In Luke 10:25, an unidentified “expert in the law” felt the need to test Jesus as many of the people of the time would do. He asked Jesus what he must do to inherit eternal life. This is a fair question, and one that in one way or another people are still asking today.

Because most of us prefer to think of ourselves as immortal, forever beings, we always want to know the secret to a forever life. Be it the fountain of youth, the newest supplement or wonder cream, we all seem to want to do everything possible to stave off any signs that make us think of the end of our life here on earth. And, if we have become comfortable with the notion that we will indeed transition from this earthly form into a more ethereal being, we would like to know how to keep it going…. forever.

The Answers Lie Within

So, the question on how to inherit eternal life is a valid one. If this time on earth has not met our expectations, surely the next one holds promise. Because Jesus knew that the answer for all questions lay within each one of us, he spun the question back on the “expert,” asking him for his own interpretation of what he already knew.

The “expert” answered that, as he understood the writings, eternal life could be had by loving God with all of our entire being (Luke 10:27) AND loving our neighbor as our self. I picture Jesus giving him a big, high-five for his answer. Pressing Jesus further still, the “expert” asked, “But, who is my neighbor?” Another valid question, both then and now. Hold this question in thought for a moment. What would your answer be?

Who Exactly Is Your Neighbor?

In response, Jesus recounted the now famous parable of the Good Samaritan. You may recall the parable depicts how two individuals of high birth passed by a beaten traveler, leaving him to suffer alone on the road. However, the Samaritan stopped to administer aid. Then, escorts the beaten traveler to a safe and secure place where he can heal.

The Samaritans were a group of people who lived in the area called Samaria, north of Jerusalem. To their neighbors, they were half-Jews and half-Gentiles, neither fish nor fowl with no definite identity, the lowest of the low. The Samaritans maintained their own unique copy of the first five books of Scripture as well as their own unique system of worship. During the years of Jesus’ ministry, the Jews and the Samaritans did not interact well with one another. The Jews looked down upon the Samaritans who were considered unclean. Jesus, however, ministered to the people of Samaria as well as using them to illustrate some of his teachings.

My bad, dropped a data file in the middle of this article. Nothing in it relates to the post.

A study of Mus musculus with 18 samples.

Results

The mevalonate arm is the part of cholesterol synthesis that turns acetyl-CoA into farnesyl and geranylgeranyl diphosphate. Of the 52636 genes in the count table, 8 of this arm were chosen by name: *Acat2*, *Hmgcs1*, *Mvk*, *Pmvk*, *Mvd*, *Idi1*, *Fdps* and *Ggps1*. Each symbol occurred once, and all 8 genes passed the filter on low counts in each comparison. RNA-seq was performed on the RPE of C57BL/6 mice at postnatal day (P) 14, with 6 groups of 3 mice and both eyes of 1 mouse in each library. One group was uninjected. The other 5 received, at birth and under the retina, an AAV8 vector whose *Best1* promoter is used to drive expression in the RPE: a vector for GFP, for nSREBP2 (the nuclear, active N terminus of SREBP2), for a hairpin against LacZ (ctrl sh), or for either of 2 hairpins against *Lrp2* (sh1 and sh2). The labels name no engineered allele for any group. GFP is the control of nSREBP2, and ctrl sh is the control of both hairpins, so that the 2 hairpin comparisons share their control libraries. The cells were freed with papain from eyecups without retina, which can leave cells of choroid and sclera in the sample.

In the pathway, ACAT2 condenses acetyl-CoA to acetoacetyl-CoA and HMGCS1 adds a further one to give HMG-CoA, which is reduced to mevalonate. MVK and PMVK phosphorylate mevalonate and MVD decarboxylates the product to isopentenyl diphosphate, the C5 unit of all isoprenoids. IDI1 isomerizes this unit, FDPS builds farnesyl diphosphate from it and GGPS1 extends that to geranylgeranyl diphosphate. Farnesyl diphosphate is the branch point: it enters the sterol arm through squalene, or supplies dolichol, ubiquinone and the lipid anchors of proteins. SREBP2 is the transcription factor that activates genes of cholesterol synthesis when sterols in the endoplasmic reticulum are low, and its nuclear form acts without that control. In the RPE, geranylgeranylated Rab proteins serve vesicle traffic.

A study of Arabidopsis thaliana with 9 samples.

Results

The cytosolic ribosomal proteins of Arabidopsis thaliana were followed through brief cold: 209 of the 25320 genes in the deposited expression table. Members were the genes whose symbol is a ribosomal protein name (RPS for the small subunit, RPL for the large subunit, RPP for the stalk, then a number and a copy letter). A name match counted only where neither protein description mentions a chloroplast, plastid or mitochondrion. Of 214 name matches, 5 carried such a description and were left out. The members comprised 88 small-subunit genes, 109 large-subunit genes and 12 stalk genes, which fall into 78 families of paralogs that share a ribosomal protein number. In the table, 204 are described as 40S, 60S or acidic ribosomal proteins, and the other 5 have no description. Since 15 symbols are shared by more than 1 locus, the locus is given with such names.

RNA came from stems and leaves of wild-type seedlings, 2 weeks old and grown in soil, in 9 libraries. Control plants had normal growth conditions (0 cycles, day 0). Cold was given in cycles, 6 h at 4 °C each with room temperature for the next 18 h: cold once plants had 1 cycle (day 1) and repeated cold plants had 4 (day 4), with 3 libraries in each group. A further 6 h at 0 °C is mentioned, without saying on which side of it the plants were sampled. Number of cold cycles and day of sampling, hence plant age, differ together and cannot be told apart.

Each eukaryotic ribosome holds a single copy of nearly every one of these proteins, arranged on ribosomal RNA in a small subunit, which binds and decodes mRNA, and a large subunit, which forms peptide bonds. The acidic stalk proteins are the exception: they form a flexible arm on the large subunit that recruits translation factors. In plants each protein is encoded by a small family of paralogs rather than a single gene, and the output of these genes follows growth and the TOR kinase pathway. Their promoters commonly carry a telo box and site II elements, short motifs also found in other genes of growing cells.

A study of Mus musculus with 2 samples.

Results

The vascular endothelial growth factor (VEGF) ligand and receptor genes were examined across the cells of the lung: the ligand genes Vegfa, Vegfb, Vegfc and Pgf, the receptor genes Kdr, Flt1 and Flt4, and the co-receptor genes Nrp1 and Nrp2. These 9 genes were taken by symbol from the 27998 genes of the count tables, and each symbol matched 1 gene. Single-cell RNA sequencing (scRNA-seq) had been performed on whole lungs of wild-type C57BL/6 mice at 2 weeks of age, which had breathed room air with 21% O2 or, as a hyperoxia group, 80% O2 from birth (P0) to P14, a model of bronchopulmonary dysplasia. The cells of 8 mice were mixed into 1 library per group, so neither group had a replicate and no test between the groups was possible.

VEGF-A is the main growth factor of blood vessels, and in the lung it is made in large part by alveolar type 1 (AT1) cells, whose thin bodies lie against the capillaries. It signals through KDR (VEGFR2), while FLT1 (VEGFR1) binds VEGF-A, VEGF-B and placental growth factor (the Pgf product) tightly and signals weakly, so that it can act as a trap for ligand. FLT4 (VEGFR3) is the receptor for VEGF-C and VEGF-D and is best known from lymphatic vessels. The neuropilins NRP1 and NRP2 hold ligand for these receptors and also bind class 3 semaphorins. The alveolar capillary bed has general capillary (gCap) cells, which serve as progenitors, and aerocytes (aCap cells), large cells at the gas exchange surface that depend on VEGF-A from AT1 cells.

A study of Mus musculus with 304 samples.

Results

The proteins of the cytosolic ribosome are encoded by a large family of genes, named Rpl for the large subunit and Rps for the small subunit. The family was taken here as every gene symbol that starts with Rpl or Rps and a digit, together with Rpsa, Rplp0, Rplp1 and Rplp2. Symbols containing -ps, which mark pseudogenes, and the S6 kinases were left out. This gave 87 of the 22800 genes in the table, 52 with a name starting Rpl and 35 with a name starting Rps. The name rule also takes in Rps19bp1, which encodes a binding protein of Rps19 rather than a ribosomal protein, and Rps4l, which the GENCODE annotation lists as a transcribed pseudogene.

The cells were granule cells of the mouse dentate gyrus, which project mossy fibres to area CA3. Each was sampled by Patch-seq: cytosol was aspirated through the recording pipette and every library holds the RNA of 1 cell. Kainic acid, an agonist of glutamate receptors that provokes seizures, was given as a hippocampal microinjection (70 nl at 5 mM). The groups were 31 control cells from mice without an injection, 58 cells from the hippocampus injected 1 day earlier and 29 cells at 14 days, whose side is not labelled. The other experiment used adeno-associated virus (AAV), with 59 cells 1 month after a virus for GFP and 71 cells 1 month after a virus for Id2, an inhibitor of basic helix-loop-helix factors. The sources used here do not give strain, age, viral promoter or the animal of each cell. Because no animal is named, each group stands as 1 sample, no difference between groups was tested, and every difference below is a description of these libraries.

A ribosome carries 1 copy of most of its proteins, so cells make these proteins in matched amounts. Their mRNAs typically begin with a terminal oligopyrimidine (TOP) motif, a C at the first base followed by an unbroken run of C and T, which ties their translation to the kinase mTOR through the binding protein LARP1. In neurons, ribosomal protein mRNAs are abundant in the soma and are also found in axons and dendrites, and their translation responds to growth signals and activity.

We Are All One Another’s Neighbor

It was very typical of Jesus to emphasize a story using the disenfranchised as hero. The parable of the Good Samaritan is just one such case. Using someone considered “unclean” as an example of a good neighbor is very telling. Jesus knew teaching this way would pack a spiritual punch, so to speak. Still, even today, thinking of someone completely outside of our own culture as a “neighbor” can be a stretch for some.

Listening to global news, local reports or even typical conversations, how often do we hear of others outside our circle of family and friends being discussed as foreign, different, strange or not one of us? Surely, if we are all one, we are also all neighbors. Unity metaphysically defines neighbor as: “Every soul that dwells upon the earth.” I am your neighbor. You are my neighbor. And, we are also neighbors to everyone else in the world.

In Spirit, There Is No Distance, No Separation

In Spirit, there is no such thing as distance. Nor, is there any separation between us and the operation of spiritual laws, which operate the same for all of us, no matter where we are, no matter our personal circumstances. Spiritual laws are equally available to all, and they operate without prejudice. For example, it is only through us that the law of divine love can bind up and heal wounds, dissolve errors, or restore order from out of chaos. Love needs all of us equally in order for it to express its fullest potential.

This is also true as it relates to the divine idea of Oneness and unity within our world. We are all one. We are all neighbors existing in the closest of proximities possible. No distance in spirit and no separation in the operation of spiritual laws. Through divine love, Spirit expresses the Universal Christ that resides within every being.

The Entire World Is Our Neighborhood

Being a “good neighbor” is not simply waving at another homeowner on your block. It is also much more than just allowing another driver to merge into your line of traffic. Likewise, it is not simply being willing to hug someone you see on an occasional basis. In its fullest sense, neighborliness is an outward manifestation of the Universal Christ, which resides within us all. In short, neighborliness is divine love in expression.

Regardless of gender, race, ethnicity, religious affiliation, socio-economic status, in Christ, there is no one who is above or below another. We are all neighbors and the entire world is our neighborhood. Whether a person is outside of our family, outside of our religious circle, or even outside of our culture, it makes no difference. We are all neighbors. To truly live in community, in true relationship with all others, we must expand our definition of what it means to be a “good neighbor”. Jesus knew this was true thousands of years ago. And, it is still true today.